DDoS Attacks Turn Firewall Deployments into Liability

Putting stateful firewalls in front of servers can be a liability in the fight against DDoS, according to Arbor Networks.

Between the attacks by "Anonymous" and censorship efforts by various governments, distributed denial-of-service (DDoS) attacks were a familiar feature of news stories in 2010.

But while the sophistication of attacks may have grown during the past year, efforts by Internet service providers have not kept pace, according to research by Arbor Networks.

In a 12-month study (PDF) spanning from October 2009 to September 2010, the firm discovered that the improper use of stateful firewalls has actually left many ISPs more susceptible to DDoS. In a survey of 111 IP network operators from around the world, 86 percent of respondents indicated they or their customers have placed stateful firewall and/or IPS devices in their Internet Data Centers (IDCs). But a rise in application-layer DDoS attacks has made that approach a liability, researchers said.

Stateful inspection makes sense in an enterprise endpoint access LAN (local area network) where the majority of computing devices are clients, explained Roland Dobbins, solutions architect at Arbor Networks. In a server environment such as an IDC, however, every incoming request to a Web server, DNS server and so on is unsolicited, leaving no state to inspect. Each set of packets traversing a stateful firewall, however, consumes state-table resources within those firewalls, creating a DDoS chokepoint.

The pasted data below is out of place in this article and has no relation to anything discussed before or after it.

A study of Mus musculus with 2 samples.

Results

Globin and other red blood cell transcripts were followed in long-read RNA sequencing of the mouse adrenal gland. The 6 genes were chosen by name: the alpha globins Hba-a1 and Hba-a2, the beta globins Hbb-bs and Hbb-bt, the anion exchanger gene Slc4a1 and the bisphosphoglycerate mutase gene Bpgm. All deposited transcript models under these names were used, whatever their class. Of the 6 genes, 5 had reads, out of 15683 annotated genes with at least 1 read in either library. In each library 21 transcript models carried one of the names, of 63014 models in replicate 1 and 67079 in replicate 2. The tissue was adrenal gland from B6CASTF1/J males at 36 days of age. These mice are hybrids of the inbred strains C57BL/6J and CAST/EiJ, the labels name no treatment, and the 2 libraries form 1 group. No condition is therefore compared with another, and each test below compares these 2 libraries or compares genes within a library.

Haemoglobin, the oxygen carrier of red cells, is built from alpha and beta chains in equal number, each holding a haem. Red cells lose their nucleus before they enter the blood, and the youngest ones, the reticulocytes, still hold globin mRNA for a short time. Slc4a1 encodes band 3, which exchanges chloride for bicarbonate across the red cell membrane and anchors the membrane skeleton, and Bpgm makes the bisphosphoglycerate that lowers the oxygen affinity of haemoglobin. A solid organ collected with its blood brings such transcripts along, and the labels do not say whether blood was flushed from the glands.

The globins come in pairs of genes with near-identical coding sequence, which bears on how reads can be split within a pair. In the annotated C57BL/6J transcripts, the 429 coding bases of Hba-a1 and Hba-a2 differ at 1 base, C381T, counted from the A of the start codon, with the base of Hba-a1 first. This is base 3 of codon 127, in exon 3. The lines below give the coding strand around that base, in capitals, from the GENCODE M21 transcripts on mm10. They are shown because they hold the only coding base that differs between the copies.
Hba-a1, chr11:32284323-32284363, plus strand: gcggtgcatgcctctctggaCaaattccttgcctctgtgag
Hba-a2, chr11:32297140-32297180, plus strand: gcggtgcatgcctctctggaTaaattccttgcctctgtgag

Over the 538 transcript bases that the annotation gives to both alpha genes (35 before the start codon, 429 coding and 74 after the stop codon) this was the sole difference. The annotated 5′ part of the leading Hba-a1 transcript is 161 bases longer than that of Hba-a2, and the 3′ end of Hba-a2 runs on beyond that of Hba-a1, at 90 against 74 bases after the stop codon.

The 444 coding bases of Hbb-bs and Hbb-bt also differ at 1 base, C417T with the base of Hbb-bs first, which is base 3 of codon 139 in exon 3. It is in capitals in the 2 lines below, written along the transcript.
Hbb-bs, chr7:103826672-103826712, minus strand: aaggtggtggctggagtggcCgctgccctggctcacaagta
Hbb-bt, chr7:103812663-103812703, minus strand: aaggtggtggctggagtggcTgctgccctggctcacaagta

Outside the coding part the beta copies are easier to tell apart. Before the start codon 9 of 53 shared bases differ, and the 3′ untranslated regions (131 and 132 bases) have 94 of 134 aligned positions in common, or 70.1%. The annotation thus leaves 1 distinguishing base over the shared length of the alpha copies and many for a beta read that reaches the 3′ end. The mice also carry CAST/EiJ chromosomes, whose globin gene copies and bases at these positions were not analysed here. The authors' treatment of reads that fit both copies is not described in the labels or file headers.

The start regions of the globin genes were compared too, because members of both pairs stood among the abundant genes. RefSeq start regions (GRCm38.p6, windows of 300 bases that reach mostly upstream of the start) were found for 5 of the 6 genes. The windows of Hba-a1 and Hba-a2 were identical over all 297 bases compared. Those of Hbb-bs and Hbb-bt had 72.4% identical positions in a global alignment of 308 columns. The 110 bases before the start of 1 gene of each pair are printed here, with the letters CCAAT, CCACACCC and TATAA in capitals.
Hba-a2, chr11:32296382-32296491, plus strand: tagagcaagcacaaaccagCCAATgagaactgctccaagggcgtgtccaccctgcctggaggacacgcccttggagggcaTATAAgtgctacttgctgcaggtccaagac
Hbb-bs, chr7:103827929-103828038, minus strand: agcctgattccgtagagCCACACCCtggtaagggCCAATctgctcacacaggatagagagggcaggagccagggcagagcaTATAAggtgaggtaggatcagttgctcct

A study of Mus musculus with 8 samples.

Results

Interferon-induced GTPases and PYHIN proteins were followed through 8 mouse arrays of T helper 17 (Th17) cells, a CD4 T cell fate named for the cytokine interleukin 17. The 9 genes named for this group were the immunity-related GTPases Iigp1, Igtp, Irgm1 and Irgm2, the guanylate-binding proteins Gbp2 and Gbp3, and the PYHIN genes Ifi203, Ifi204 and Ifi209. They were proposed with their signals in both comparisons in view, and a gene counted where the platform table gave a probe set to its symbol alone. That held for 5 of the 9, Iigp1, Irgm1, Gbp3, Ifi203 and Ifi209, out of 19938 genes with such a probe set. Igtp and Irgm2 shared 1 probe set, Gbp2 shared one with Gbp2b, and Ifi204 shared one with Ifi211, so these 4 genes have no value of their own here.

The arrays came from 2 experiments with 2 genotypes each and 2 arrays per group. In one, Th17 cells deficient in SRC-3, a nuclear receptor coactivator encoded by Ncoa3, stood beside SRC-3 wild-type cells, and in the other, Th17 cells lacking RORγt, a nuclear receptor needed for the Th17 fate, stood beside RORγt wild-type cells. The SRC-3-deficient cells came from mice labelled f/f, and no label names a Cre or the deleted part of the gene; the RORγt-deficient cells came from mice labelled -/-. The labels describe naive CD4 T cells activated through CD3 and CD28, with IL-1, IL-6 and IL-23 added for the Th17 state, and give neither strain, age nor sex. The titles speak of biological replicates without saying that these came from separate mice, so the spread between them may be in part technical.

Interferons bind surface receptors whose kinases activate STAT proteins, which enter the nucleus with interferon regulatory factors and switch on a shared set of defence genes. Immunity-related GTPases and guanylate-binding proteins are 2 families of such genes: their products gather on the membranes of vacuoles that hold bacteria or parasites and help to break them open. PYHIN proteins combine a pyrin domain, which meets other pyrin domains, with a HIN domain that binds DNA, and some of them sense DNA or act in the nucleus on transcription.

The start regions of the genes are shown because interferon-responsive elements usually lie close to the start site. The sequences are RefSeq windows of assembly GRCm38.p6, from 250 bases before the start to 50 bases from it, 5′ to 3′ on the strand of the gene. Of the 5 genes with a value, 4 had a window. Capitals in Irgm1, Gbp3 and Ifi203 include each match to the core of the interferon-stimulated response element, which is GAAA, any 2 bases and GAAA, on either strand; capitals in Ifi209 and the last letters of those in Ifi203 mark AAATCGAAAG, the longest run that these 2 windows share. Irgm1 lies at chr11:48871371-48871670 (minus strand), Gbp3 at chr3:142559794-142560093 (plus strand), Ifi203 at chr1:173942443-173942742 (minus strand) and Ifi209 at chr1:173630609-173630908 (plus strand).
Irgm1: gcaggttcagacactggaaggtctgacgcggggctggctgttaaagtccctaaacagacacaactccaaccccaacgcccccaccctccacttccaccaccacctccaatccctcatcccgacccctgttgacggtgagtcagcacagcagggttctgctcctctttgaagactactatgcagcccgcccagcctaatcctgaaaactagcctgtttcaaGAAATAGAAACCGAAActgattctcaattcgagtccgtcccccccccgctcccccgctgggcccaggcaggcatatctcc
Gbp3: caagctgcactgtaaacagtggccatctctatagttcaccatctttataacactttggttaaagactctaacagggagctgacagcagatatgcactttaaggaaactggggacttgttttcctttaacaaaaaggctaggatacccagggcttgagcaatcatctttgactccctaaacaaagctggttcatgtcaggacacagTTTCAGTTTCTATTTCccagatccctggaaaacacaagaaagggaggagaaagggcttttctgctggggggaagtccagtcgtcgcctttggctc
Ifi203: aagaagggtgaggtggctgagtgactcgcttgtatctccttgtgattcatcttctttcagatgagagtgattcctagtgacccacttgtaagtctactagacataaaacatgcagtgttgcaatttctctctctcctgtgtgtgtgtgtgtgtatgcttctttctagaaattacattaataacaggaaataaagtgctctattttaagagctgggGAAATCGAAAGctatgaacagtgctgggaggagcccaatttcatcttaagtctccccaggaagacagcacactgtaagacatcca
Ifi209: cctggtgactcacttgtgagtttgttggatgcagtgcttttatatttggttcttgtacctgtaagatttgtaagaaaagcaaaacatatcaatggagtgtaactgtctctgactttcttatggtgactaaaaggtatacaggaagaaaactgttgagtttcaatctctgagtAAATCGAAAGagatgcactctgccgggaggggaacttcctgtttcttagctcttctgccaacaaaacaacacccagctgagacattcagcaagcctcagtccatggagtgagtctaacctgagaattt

"Even in the largest firewalls on the market, there's a limited amount of state-table resources, and it's quite easy for attackers to programmatically generate sufficient well-formed traffic which will conform to the firewall policy rules, yet will 'crowd out' legitimate traffic from real users, leading to a DoS of the servers and applications behind the firewall," Dobbins said. "Additionally, sufficient firewall state-table exhaustion due to attack traffic will often times cause stateful firewalls to essentially 'fall over' and fail to forward traffic.

"We see this constantly-stateful firewalls almost invariably succumb to DDoS attacks far more rapidly than the servers themselves would without the firewalls there at all," he said.

Nearly half of the respondents experienced stateful firewall and/or IPS failure as a direct result of DDoS attacks during the survey period.

The answer to this, Dobbins said, lies with access policies for servers. Only 14 percent of the respondents said they follow the IDC best practice of enforcing access policy via stateless access control lists deployed on hardware-based routers and Layer 3 switches that can handle millions of packets per second.